Many of us attend yoga classes to stretch and lengthen our muscles, dreaming of the day our hips may finally allow us to wriggle into a full lotus pose or some other flexi-goal.
But believe it or not, flexibility can sometimes be a liability in yoga class. This is especially true if you are one the 10-15 percent of people who have joint hypermobility syndrome (JHS), a typically unproblematic condition characterized by joints that move beyond the normal range of motion.
Viewing ads supports YogaBasics. Remove ads with a membership. Thanks!
Someone who is double jointed and can “pop out” their elbows definitely has hypermobility in that joint, but hypermobility doesn’t always look like a party trick. Even if you don’t meet all the requirements for joint hypermobility syndrome, you might still have a joint in your body that is more mobile than average. Knees, hips, shoulders, elbows are all common spots for hypermobility, and those with JHS may experience joint pain as a result of this flexibility. For yogis who are constantly pushing the limits of how far their muscles can stretch, it’s very important to know where your joints fall on the mobility spectrum.
For instance, if you straighten your knees and they actually go “beyond straight,” known as hyperextension of the knee, you have more mobility in your knees than most people. So while working to increase flexibility in yoga class may not seem like a bad idea, it may extra important to not overstretch, especially if you’re seeking to increase flexibility in your hamstrings or calves. Excessive stretching without this awareness in forward folds, for instance, could potentially make your knees more susceptible to sprains, pains and dislocation.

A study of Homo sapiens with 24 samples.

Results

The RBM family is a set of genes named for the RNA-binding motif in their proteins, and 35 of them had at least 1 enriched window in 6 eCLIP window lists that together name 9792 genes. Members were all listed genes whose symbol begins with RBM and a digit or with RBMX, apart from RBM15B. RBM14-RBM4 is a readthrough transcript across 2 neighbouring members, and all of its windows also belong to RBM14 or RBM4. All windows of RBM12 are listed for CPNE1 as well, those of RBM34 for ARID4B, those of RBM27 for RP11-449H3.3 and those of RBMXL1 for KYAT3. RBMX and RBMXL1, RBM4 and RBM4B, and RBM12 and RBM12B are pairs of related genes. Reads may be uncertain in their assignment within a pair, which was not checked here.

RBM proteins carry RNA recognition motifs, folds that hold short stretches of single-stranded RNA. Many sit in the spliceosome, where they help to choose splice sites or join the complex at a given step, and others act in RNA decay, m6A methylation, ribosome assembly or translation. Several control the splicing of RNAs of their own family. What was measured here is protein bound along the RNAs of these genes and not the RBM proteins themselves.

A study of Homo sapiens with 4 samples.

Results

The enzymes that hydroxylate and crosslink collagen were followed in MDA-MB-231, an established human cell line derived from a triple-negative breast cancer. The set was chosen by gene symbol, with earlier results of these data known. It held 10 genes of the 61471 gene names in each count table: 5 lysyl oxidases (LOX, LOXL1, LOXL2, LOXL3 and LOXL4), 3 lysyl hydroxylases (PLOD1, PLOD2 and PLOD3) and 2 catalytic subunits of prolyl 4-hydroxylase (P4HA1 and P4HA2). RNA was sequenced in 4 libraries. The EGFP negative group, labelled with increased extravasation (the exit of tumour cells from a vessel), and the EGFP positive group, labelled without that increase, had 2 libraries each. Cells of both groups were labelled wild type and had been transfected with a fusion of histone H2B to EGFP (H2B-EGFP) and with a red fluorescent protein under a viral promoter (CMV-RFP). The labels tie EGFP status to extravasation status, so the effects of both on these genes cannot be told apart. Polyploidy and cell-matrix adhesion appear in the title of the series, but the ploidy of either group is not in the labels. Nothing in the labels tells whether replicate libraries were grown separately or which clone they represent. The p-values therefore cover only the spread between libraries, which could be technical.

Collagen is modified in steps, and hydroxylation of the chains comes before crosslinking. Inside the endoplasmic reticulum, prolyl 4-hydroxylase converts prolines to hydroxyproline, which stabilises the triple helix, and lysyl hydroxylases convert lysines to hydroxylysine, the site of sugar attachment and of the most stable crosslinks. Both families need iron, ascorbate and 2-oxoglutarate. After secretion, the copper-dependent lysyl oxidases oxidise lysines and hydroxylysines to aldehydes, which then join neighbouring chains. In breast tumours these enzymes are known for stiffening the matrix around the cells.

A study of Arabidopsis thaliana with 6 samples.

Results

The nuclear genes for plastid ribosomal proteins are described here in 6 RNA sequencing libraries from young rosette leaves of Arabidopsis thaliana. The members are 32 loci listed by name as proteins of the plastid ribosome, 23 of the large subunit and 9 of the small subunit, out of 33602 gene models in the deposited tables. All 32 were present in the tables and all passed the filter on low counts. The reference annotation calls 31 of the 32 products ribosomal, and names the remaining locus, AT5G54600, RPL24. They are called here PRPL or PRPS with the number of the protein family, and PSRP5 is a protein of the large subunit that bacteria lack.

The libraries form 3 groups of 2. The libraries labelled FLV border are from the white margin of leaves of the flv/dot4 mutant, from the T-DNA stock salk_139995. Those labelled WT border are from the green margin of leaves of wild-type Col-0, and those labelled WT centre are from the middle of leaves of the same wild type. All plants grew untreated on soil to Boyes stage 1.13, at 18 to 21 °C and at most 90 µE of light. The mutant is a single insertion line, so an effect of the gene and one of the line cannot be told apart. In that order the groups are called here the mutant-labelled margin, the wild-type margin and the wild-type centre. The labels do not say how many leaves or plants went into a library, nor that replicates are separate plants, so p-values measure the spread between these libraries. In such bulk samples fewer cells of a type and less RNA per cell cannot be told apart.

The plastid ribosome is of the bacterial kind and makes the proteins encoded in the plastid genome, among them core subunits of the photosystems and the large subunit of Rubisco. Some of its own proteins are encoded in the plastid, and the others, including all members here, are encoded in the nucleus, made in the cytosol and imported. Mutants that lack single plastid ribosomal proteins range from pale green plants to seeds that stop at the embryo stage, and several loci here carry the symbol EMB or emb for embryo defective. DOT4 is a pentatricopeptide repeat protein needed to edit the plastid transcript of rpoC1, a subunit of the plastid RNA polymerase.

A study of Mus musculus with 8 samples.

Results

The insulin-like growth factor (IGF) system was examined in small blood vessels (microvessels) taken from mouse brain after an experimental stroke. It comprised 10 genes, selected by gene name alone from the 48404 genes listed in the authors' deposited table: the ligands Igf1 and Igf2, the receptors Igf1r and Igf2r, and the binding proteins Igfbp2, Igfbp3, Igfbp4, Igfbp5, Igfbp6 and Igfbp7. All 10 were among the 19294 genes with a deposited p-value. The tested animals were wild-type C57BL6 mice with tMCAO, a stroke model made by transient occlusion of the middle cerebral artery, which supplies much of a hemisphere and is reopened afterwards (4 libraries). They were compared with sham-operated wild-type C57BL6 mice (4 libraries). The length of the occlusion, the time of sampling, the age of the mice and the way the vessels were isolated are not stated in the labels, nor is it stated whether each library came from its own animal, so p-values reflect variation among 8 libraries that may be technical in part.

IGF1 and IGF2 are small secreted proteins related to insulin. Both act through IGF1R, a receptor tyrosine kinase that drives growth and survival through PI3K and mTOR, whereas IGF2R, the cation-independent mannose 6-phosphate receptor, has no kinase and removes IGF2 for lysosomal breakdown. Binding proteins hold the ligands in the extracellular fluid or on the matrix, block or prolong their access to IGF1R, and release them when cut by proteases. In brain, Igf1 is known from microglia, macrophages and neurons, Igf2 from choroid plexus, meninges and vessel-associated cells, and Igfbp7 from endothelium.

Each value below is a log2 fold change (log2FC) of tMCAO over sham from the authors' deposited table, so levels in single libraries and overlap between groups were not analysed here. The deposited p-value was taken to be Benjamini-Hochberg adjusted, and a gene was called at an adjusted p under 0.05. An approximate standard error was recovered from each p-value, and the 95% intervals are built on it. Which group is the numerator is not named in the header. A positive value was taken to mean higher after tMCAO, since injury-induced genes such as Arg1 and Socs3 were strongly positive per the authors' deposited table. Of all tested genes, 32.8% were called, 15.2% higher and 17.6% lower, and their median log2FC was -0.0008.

You know when teachers tell you keep a “microbend” in your knees and elbows? That tiny bend is ensures you aren’t locking out your joints or hyperextending. And it’s especially important for those of us whose elbows and knees can move beyond the normal range of motion. That little bend in the joints can help you to build strength around those extra stretchy ligaments and prevent injury.
Think you might have joint hypermobility syndrome? Here are some common tests for the syndrome: If you can place the palms of the hands on the floor with the knees fully extended, have hyperextension of the knee or elbow beyond 10 degrees, and/or the ability to touch the thumb to the forearm, you just might have JHS.
If that’s you, don’t fret. Bringing in some simple awareness around those hypermobile joints will help you to stay within a safe range of motion in most poses.
Do you have hypermobile joints? How do you stay safe and build strength in your practice?